Claussen’s steep climb to graduation and the drive she has demonstrated to get there will make Saturday’s ceremony cause for a Big Orange celebration.
Growing up, the Nashville native was a star soccer player, honors student, and homecoming queen who never got sick. But in April 2013, during her sophomore year at UT, she made three trips to the emergency room with a temperature of 106. Doctors diagnosed her with mononucleosis.
A few weeks later, on Claussen’s third trip to the ER, an oncology doctor happened to be on call and ordered blood work. After reviewing her results, the doctor told her she needed to summon her parents because her white blood cell count was dangerously low.
Once Claussen’s parents arrived, the doctor told them she had secondary hemophagocytic lymphohistiocytosis (HLH). The rare and potentially fatal autoimmune disease occurs in one out of 1.2 million people worldwide (…)
Claussen was told she needed a stem cell transplant to save her life (…)
Two potential donors matched Claussen, but one was automatically eliminated. Her doctors needed a donor who had experienced mono as a child and whose stem cells could fight off the virus if it ever returned.
One potential donor remained—out of 27 million people on the registry.
Claudia Reverts, in Emden, Germany, lived 4,000 miles and an ocean away.
Reverts agreed to donate, but Claussen had to be in remission and mono-free in order to receive the transplant.
Claussen’s mother said doctors administered an extreme round of chemotherapy to wipe out her daughter’s immune system in preparation for the procedure.
Meanwhile, across the Atlantic, Reverts was already devoting thirty hours of her time over a month to give her stem cells to a complete stranger.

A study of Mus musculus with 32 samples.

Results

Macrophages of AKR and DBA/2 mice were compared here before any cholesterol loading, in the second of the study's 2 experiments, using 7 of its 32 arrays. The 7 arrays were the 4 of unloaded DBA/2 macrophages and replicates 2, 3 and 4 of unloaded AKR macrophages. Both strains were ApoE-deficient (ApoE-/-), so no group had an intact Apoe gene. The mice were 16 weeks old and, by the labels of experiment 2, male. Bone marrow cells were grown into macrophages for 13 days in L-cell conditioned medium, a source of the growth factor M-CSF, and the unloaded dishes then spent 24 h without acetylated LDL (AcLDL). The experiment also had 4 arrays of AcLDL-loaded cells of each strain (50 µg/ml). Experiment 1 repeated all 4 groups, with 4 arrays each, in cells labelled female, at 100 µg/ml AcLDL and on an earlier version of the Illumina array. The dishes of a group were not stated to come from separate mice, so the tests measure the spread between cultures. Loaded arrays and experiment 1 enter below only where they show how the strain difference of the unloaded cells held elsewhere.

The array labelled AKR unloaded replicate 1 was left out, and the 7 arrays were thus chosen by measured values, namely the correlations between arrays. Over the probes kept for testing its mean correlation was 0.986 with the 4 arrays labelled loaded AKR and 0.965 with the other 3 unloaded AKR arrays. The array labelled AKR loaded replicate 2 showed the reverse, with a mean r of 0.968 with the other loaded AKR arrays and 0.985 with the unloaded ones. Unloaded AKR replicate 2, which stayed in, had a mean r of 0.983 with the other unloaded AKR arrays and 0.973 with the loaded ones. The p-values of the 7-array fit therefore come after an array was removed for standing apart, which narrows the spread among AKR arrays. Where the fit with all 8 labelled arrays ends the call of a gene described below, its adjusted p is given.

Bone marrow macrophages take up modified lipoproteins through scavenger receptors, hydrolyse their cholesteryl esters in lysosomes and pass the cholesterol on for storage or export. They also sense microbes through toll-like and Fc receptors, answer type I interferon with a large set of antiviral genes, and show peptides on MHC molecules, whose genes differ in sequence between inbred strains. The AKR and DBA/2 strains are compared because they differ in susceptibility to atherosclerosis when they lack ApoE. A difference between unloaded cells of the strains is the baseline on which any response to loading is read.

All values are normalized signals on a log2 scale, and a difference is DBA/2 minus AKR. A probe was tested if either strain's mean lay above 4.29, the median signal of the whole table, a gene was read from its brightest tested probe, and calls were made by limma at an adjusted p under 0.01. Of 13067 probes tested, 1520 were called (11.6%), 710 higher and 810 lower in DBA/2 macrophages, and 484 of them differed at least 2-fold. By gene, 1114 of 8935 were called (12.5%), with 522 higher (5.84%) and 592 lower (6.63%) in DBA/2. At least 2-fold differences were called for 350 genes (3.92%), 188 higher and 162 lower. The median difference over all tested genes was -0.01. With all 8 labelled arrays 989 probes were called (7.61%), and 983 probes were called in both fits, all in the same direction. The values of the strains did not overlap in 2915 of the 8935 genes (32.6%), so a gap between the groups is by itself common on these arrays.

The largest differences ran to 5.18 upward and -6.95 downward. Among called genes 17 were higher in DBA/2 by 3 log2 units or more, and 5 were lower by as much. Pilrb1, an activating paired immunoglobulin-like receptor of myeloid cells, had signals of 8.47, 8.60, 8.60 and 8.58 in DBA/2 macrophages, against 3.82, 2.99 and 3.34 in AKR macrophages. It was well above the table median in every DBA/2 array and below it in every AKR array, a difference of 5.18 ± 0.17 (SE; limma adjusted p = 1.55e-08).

On August 23, 2013, just four months after her initial diagnosis, Claussen received Reverts’s stem cells.
Most patients spend two weeks in the hospital after a stem cell transplant. Claussen stayed more than three months, with sixty days spent in complete isolation (…)
By August 2015—the start of Claussen’s senior year—she was able to request information about her donor. International stem cell recipients must wait two years before requesting to contact their donor.
Reverts agreed to share her information with the unknown recipient who had requested it.
“I sent her an e-mail and basically told her thank you for giving me the best gift anyone has given me, a second chance to live,” said Claussen. “I told her about being a senior at UT and that I want to go into the medical field in Nashville when I graduate so I can help other people who are fighting cancer.”
Reverts e-mailed back and told Claussen how much she’d thought of her, wondering about who received her stem cells and whether it had prompted their recovery (…)
With a diploma in hand, Miracle Makayla looks forward to walking off the graduation stage and into the arms of her mother, the woman who gave her life, and then her donor, the woman who saved it.